June 22, 2010|By Michael J. Arvizu
  • The YMCA gymnastics class recently returned from the Junior Olympics Championships where Arpi Avetyan, right, won coach of the year.
The YMCA gymnastics class recently returned from the… (Roger Wilson, Glendale…)

The young ladies of Arpi Avetyan's Glendale YMCA rhythmic gymnastics class were in high spirits as they rehearsed their moves Thursday afternoon.

The intermediate and advanced girls had just returned from a successful Junior Olympics state competition in La Jolla where Avetyan won regional coach of the year, and 9-year-old Leilani Hernandez of Glendale won a second-place silver medal in overall competition.

The girls also recently returned from a Junior Olympics competition in Oregon. The older students are now preparing to travel to Chicago for another Junior Olympics national competition later this month.

The class has been taking students to competitions for about three years, Avetyan said, traveling to Ohio and Virginia Beach.

"I was proud of these girls," said Avetyan. "They work pretty hard."

The YMCA program began five years ago with one student, but now includes more than 40. Avetyan, a gymnast, has been a member of the Glendale YMCA since she 5 and has always considered it her second home. Her motivation behind teaching rhythm gymnastics is the beauty behind the sport, she said.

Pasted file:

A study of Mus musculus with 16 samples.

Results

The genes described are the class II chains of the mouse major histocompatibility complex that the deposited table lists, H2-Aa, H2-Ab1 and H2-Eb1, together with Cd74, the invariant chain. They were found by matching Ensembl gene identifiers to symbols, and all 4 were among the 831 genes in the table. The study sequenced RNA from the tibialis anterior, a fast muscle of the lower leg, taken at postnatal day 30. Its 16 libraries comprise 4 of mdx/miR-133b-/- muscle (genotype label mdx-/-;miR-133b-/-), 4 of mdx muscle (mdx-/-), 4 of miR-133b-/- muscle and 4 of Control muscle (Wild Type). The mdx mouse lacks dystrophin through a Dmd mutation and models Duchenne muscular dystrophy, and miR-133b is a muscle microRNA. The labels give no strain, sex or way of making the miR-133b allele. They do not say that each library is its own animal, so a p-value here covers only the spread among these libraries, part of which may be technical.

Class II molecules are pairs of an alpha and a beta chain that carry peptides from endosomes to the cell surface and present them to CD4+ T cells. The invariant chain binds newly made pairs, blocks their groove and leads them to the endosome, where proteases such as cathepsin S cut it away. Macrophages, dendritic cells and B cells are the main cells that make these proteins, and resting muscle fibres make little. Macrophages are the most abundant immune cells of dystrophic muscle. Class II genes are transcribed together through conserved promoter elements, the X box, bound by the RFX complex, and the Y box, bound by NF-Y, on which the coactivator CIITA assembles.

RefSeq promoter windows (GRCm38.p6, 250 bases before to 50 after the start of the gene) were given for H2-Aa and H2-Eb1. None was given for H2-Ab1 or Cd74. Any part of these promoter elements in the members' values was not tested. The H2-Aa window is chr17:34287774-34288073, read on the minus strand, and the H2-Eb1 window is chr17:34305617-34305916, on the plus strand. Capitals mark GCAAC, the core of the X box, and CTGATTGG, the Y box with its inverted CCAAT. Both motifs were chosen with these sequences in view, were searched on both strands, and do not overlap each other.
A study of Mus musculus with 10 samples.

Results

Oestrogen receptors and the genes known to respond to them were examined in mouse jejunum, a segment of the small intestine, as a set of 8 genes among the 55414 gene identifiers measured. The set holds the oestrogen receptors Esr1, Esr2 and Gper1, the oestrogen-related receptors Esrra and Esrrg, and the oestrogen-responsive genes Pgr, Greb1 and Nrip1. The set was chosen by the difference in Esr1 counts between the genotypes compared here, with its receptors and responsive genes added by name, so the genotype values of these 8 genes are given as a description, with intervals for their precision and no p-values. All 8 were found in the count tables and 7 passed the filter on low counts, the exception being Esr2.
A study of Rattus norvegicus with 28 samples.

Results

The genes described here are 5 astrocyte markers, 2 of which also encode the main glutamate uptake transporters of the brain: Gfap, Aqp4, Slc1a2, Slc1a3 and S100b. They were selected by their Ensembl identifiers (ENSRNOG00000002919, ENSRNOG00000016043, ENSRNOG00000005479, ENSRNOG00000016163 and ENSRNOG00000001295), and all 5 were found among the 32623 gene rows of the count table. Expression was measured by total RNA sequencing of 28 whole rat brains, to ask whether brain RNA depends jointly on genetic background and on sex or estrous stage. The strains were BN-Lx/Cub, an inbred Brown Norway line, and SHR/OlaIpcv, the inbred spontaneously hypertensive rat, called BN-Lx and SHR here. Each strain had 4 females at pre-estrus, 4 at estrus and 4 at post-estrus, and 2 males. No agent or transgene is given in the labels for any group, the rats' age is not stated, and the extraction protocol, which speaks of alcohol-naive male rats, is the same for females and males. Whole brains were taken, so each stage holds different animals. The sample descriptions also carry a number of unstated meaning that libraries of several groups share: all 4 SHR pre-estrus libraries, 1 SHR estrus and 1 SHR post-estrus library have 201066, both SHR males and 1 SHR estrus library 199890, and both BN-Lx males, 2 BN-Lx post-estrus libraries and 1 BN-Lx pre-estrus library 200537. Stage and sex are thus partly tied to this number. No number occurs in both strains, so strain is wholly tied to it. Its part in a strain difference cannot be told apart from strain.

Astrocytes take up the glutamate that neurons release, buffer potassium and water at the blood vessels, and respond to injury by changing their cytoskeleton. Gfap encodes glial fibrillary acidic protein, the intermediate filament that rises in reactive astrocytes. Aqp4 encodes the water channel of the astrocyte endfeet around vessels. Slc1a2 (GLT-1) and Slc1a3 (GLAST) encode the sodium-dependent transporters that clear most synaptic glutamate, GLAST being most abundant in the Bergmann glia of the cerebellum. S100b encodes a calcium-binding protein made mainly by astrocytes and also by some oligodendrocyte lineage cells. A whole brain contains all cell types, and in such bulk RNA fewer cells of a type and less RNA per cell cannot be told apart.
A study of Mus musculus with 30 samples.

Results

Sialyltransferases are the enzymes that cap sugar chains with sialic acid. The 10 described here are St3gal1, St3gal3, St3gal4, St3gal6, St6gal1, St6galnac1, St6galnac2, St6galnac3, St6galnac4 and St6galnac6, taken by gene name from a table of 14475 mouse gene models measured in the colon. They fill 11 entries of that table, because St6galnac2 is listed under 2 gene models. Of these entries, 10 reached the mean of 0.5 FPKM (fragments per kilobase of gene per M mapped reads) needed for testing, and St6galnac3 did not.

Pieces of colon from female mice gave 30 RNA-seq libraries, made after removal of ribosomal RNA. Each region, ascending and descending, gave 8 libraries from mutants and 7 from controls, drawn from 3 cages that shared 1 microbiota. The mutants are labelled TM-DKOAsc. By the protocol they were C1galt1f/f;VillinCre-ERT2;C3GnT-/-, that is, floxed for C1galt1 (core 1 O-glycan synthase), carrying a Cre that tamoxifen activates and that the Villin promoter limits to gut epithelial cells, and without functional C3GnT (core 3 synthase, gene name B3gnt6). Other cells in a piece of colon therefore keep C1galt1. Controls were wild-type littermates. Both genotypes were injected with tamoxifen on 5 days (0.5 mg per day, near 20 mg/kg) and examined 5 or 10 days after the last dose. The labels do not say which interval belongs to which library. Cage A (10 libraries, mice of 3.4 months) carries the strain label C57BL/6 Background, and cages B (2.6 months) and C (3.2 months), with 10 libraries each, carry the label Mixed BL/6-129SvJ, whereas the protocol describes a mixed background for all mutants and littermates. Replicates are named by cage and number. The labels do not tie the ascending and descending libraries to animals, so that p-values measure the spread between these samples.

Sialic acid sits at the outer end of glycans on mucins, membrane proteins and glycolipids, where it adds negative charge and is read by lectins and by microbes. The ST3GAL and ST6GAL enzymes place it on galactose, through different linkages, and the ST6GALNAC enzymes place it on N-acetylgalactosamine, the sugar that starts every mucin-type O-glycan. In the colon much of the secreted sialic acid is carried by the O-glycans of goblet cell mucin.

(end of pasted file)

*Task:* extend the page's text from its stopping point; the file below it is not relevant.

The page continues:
Even in rehearsal, the girls, ranging in age from 5 to 14, were decked out in their finest leotards. Each girl practiced an individual routine, manipulating ropes, hoops, clubs and ribbons.

Although the sport is highly competitive, coaches and parents make sure the experience is not overwhelming. The athletes are not driven to perform and always be No. 1, Avetyan said. Rather, they are encouraged to do their best and have fun.

"I want them to grow up make it to universities and go to big places," Avetyan said. "And I want them to remember, 'When I was 7 years old, I made it to the Junior Olympics.' I don't want them to forget that experience. That, for me, is way more important than pushing them to 'you need to be No. 1.'"

As a coach, Avetyan said her goal is to teach her gymnasts confidence in all they do and not pushing them down in any way.

"It feels great because I was second place out of 122," said Leilani, the silver medalist. "I was working really hard to go to Junior Olympics, and so my parents are trusting me and my coaches have been focusing on my routines. When I go there, I can be proud of myself and do the best I [can] so I can get a good score."

Leilani's mother, Sandra, said she makes sure her daughter has enough time during the day just to be a kid. That means serving her a good lunch, letting her watch her favorite cartoon shows and giving her enough time to do her homework.

"Her dream has always been to go to the Olympics," Sandra Hernandez said. "So I told her, dream big and we will do whatever it takes. And if it doesn't happen, it doesn't happen. She does this because she loves this."